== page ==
Proton driver P-G Andersson has refused to be downbeat about his second-stage retirement from the Monte Carlo Rally, with the Swede hoping for more outings in the Satria Neo S2000.
Andersson's car retired from 11th place yesterday after suffering damage inflicted by a puncture in the second stage. His teammate Chris Atkinson retired on the opener with an electrical problem aboard the sister Proton.
"The car is good," said Andersson. "We had a new engine for the event and you could feel the power and torque was coming lower down in the rev range. I like the car, the chassis is very, very strong. We have done some work and it was better, there is more work to do and it will be better again.
"It's really disappointing to be standing here in my jeans rather than my overalls, I was so looking forward to this event. I got the puncture from a rock which was hidden under some leaves, then when I was braking for a hairpin one of the arms broke on the car and the wheel turned out. There was nothing more we could do."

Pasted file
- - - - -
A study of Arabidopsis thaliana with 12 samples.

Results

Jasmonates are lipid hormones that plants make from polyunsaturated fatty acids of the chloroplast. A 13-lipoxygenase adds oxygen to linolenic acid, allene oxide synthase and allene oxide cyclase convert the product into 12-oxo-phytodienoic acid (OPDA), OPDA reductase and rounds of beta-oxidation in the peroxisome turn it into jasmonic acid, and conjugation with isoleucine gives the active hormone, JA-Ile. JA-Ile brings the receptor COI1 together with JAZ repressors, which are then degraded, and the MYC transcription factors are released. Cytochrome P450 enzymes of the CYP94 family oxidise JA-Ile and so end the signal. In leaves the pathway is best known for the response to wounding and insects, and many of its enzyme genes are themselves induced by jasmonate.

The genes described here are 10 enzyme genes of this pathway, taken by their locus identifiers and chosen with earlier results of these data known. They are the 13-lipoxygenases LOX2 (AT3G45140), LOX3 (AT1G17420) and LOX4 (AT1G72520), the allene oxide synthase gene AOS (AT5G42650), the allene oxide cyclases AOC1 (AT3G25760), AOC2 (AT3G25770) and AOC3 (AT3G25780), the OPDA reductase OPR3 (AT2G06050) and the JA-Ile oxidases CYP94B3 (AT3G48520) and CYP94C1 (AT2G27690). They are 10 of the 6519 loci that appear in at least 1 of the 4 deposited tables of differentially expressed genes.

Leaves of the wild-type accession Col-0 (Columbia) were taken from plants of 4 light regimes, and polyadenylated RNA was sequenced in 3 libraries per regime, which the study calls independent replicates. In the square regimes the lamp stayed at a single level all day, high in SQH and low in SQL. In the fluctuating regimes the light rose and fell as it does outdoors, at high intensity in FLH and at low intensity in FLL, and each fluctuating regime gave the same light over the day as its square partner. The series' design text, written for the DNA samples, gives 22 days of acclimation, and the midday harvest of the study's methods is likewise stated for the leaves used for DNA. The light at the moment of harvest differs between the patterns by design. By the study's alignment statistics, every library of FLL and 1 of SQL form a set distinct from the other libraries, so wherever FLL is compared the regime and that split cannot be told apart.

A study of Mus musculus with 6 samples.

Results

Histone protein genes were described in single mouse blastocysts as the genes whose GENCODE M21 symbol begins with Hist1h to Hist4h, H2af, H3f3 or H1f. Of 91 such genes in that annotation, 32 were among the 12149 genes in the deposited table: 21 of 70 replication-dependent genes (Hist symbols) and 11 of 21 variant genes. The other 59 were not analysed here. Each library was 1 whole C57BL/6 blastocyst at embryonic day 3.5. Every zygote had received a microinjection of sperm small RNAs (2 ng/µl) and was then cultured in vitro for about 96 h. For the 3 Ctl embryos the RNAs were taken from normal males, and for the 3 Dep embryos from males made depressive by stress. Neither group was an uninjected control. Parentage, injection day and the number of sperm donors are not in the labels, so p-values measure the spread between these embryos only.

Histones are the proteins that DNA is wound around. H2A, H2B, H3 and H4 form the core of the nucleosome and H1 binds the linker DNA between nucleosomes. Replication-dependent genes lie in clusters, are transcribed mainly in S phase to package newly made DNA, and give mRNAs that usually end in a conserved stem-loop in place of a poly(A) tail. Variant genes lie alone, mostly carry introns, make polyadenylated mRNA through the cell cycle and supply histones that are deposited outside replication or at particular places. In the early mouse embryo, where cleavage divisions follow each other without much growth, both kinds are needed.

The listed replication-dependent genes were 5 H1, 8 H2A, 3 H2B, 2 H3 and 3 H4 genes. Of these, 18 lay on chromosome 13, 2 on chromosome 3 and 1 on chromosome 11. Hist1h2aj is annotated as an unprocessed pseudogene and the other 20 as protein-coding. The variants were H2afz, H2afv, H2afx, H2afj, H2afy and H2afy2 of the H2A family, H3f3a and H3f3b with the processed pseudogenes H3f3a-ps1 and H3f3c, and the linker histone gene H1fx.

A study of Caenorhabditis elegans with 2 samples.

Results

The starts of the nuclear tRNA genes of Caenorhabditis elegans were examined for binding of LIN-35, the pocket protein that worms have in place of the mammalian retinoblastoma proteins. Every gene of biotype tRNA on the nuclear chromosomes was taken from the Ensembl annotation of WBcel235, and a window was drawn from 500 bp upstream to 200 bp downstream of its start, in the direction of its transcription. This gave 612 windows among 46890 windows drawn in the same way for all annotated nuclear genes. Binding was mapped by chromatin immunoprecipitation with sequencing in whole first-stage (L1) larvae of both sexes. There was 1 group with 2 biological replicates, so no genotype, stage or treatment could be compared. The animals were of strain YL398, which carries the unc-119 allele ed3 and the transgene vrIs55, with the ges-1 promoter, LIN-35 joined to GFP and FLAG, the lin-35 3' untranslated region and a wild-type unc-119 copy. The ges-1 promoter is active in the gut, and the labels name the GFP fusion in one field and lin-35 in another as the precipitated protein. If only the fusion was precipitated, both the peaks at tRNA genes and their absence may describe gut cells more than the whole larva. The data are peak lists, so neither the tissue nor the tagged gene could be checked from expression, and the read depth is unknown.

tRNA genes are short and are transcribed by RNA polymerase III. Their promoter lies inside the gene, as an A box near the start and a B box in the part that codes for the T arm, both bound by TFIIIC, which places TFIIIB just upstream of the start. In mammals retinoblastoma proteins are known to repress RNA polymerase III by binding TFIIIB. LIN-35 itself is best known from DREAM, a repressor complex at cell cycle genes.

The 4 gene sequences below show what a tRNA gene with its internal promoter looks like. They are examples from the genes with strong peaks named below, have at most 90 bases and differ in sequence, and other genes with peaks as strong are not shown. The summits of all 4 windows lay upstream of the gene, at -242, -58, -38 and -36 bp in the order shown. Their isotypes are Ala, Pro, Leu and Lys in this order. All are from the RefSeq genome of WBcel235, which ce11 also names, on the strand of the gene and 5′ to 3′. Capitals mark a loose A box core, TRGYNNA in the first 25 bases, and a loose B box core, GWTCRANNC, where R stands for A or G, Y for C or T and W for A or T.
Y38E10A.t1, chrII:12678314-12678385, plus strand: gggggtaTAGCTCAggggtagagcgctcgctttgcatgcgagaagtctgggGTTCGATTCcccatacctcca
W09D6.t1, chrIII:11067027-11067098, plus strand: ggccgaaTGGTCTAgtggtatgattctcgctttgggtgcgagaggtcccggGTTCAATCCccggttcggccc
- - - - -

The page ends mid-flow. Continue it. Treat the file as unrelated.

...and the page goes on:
Atkinson's retirement has been traced to a voltage surge which damaged the electronic control box.
"I'm gutted," he said. "Driving cars as fast as we can is why we're here, so not to be doing that is massively disappointing. I was really looking forward to racing P-G, it would have been great competition – and the car felt good with the engine. I guess it's the sport some times, but it's tough on all of the team when we've all worked so hard to get here."
Team principal Chris Mellors was mystified by the electrical issue, which he said was a first for the Satria.
"We're looking at the data right now and we will work through this," he said. "It's a tough one for Chris and for the team; P-G's time in the first stage was fine, he was settling in. I'm confident, if he'd gotten through, we would have been running well in the top 10."